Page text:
U.S. Sen. Ron Johnson, R-Wis., spoke to students at the University of Wisconsin Tuesday night to educate them about the nation’s deficit and to urge their participation on Election Day.
John Lambert, second vice chair of the UW College Republicans, said the organization wanted to bring Johnson to campus because of his concern for large issues facing America, especially ones facing the younger generation. He said he believes Johnson brings a “fresh face” to the political table.
In his speech, Johnson said it is crucial for students to understand the financial situation of the country because what past generations have done to students is “immoral.” He noted as government grows, citizens’ freedoms recede as a pervasive problem with the country.
“Far too many Americans have traded their freedom for a very false sense of economic security,” Johnson said.
President Barack Obama, Johnson said, chose to grow government in his four-year term. He added Obama’s plan to increase taxes on the wealthy will not work. He said in about 24 years, the federal government will consume 35 percent of the nation’s economy.
According to Johnson, the federal government is bankrupt. He said in the last 10 years, the federal government spent $30 trillion; the current gross federal debt is $16 trillion.
Most of the deficit, 75 percent, is attributed to government spending, Johnson said. He also predicted Obama will spend $14.1 trillion and will borrow $5.1 trillion by the end of his potential second term.
He added when full spending is put into place in 2016, the health care law will cost $2.4 trillion.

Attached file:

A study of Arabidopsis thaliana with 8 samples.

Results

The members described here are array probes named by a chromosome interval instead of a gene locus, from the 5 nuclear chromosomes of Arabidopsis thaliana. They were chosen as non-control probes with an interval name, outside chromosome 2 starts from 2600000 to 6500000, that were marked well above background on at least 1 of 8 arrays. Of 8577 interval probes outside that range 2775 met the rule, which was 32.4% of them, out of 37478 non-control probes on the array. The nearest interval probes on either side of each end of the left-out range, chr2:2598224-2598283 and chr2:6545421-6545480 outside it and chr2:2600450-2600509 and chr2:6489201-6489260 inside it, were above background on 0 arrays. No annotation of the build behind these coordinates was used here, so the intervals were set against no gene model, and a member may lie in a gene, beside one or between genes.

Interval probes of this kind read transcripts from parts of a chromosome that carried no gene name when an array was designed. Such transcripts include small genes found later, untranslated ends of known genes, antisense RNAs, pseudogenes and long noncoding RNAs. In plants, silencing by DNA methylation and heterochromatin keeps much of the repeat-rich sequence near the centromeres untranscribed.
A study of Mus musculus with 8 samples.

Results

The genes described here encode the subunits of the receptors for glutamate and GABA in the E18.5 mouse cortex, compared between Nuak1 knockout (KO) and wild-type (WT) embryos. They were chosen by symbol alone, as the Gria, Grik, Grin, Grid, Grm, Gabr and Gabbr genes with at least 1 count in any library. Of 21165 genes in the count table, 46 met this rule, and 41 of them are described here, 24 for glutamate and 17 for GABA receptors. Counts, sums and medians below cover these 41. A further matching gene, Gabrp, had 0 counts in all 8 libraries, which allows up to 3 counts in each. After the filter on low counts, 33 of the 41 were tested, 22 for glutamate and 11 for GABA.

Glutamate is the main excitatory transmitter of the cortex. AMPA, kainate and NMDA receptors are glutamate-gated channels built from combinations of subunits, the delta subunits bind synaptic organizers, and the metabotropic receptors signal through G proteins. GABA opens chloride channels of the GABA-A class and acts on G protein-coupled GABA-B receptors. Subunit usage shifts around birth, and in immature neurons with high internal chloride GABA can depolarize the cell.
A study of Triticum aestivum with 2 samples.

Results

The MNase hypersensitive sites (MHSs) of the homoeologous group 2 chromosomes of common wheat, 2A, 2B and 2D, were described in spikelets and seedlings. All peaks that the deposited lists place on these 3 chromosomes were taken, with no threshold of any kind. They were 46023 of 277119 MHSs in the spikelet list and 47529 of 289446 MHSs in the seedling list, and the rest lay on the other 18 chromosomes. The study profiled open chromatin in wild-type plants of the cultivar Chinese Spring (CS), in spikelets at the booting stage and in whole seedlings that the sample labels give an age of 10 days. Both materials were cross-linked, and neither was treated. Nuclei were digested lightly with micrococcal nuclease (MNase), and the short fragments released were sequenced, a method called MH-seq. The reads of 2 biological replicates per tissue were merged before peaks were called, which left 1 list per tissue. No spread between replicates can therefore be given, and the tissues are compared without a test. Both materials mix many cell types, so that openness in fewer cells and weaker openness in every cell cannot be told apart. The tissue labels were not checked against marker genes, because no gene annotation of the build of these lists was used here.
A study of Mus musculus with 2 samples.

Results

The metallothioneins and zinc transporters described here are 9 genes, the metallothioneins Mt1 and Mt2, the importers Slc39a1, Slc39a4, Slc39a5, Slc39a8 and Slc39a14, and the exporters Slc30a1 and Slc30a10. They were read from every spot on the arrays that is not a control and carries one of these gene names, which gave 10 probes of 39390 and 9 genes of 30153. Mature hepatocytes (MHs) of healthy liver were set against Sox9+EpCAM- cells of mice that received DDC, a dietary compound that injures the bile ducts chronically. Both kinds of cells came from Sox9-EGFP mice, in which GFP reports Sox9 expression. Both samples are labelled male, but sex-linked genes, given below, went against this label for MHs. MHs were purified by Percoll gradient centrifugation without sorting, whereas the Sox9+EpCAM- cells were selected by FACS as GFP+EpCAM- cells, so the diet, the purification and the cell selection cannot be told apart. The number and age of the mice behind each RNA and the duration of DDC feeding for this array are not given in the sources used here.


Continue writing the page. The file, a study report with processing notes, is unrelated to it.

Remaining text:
Lambert said the nation’s debt is projected to double in the next 12 years alone, a statistic he asserted should scare the average American.
The way to reduce spending is to minimize the difference between the government and the size of the economy and stabilize the relationship between government and the gross domestic product, Johnson said.
Johnson said Obama has failed to keep his promise of lowering the unemployment rate. Obama promised it would be at 5.3 percent, but current unemployment is at 7.8 percent, according to the Bureau of Labor Statistics. He noted including individuals who have dropped out of the labor force would raise the number to 10.7 percent.
The federal government’s involvement in the finance of education has greatly contributed to the increase in cost of college tuition, Johnson said. He said tuition is currently 2.4 times higher than it would be if it went with inflation over the years. He compared current tuition rates to those of the 1960s, when they averaged approximately $1,000.
“I have no idea why we encourage you kids to incur debt for education,” Johnson said.
Johnson said the amount of government funds that go toward aiding women with births out of wedlock is another unintended consequence of government involvement in our lives. He said the percentage of births out of wedlock in the 1960’s was 6.9 percent, a number that has jumped to 41 percent. He added single mothers can often receive up to $51,000 from the government.
Citizens who graduate high school, do not have children out of wedlock and do not get addicted to drugs or alcohol have a 2 percent chance of being in poverty, Johnson said. He said the solution to poverty starts with acknowledging and diagnosing the problem.
“I ask young people a simple question: Are you going to defend your rights, or are you going to willingly trade those rights for a totally unfulfilled promise of financial security”? Johnson said.